Philadelphia, PA – Last January, a 7.0 magnitude earthquake devastated the island nation of Haiti, killing 300,000 people, leaving 1.5 million homeless, and destroying the nation's already deteriorating infrastructure. WRTI's Windsor Johnston takes a look at how the country is faring six months later.
Jill's guest this week is flutist Robert Stallman. His new CD, The Nightingale in Love, features works for solo flute and ensemble from the late French Baroque era, and was recently released on the Bogner's Cafe label.
Mr. Stallman's unique sound has repeatedly captured the attention of music lovers, ever since his mentor, Jean-Pierre Rampal, judged him early on to be "one of the most gifted musicians I have ever encountered."
As BalletX turns 5 years old, Susan Lewis considers the contemporary ballet company and its summer program.
We listen back to Jim Cotter's recent interview with Yannick Nezet-Seguin, the music director designate of the Philadelphia Orchestra.
As part of a companion series to his latest book Wicked Philadelphia, Tom Keels uncovers a notorious 19th-century, grave-robbing scandal that reached from the city's poorest to the highest ranks of its medical elite.
The eminent Australian maestro - born in Schenectady, New York - was known as an authority on the operas of Leos Janacek, and was associated with many of Britain's most prominent opera houses and orchestras. He died of cancer in London on July 14th.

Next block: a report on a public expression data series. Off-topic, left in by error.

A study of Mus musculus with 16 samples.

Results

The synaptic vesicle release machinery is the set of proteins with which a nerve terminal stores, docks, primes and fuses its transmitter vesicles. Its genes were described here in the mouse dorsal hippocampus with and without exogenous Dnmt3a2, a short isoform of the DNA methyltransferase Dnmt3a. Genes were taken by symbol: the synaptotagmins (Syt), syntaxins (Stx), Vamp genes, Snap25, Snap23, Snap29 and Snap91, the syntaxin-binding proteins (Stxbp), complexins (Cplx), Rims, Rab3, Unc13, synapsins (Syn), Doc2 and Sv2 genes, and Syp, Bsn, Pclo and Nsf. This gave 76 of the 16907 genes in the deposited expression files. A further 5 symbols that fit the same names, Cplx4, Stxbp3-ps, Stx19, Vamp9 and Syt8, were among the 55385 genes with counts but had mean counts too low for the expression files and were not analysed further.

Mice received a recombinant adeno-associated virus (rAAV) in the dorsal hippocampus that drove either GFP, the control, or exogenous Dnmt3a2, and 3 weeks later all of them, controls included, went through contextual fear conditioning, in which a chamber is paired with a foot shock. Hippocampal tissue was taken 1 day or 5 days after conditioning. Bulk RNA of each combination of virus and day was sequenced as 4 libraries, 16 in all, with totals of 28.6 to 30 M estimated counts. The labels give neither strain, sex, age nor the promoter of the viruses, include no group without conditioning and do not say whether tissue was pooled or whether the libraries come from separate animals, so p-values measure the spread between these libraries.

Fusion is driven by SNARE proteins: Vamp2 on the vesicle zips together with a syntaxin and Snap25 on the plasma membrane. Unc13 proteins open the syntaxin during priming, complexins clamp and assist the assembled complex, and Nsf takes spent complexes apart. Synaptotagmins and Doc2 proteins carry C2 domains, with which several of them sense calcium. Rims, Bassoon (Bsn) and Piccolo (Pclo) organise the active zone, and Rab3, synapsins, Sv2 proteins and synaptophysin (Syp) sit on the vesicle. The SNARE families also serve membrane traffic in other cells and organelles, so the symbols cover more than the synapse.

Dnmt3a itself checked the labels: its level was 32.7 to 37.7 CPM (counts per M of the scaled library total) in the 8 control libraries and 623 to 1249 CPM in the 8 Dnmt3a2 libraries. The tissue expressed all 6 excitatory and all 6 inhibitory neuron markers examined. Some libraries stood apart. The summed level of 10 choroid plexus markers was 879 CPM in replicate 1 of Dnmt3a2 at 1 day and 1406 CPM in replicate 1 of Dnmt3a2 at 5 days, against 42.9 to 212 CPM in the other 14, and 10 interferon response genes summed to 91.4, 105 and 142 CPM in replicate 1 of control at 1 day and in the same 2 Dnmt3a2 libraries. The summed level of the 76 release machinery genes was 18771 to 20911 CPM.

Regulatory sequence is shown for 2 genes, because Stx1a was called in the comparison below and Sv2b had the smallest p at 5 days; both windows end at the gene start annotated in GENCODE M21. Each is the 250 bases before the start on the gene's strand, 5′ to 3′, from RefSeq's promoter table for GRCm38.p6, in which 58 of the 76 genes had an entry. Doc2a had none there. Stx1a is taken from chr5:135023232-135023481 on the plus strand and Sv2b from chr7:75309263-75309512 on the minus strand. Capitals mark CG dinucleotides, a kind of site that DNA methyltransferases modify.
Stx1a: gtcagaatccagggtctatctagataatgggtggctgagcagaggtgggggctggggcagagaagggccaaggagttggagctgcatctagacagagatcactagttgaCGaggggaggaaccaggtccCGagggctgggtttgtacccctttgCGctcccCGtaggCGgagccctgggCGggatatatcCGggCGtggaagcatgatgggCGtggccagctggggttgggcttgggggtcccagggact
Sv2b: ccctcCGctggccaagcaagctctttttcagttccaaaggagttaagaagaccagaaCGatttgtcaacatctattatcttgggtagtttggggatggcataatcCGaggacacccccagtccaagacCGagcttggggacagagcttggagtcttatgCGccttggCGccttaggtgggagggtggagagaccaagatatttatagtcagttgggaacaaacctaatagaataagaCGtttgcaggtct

WRTI's Jim Cotter met the maverick conductor once in Edinburgh, and describes him as "utterly charming, witty, and self-deprecating."
Since the early '60s, New Yorkers Dorothy and Herb Vogel have acquired a massive collection of contemporary art, using his income as a postal worker, while living on her income as a librarian. The couple has now given away 2,500 works - 50 works to a museum in each state. WRTI's Susan Lewis talks to the Vogels, and considers their gift to the nation.
"Unmatched for their musicality and sheer ability to entertain" (The London Times), 2009 Grammy Award-winners The King's Singers have put forth the highest caliber of a cappella performance since the group's inception at King's College, Cambridge in 1968. Regularly performing over 100 concerts every season, complemented by recording and teaching, The King's Singers delight audiences around the world with their incomparable musicianship, charm and wit.
What do you get when you combine a beautiful arboretum, a summer night, and amazing music? Throw in a blanket, a picnic dinner, maybe a bottle of wine? It's Groovin' in the Garden at the Morris Arboretum. Take a drive to Chestnut Hill and join WRTI jazz host Jeff Duperon for a delightful musical evening.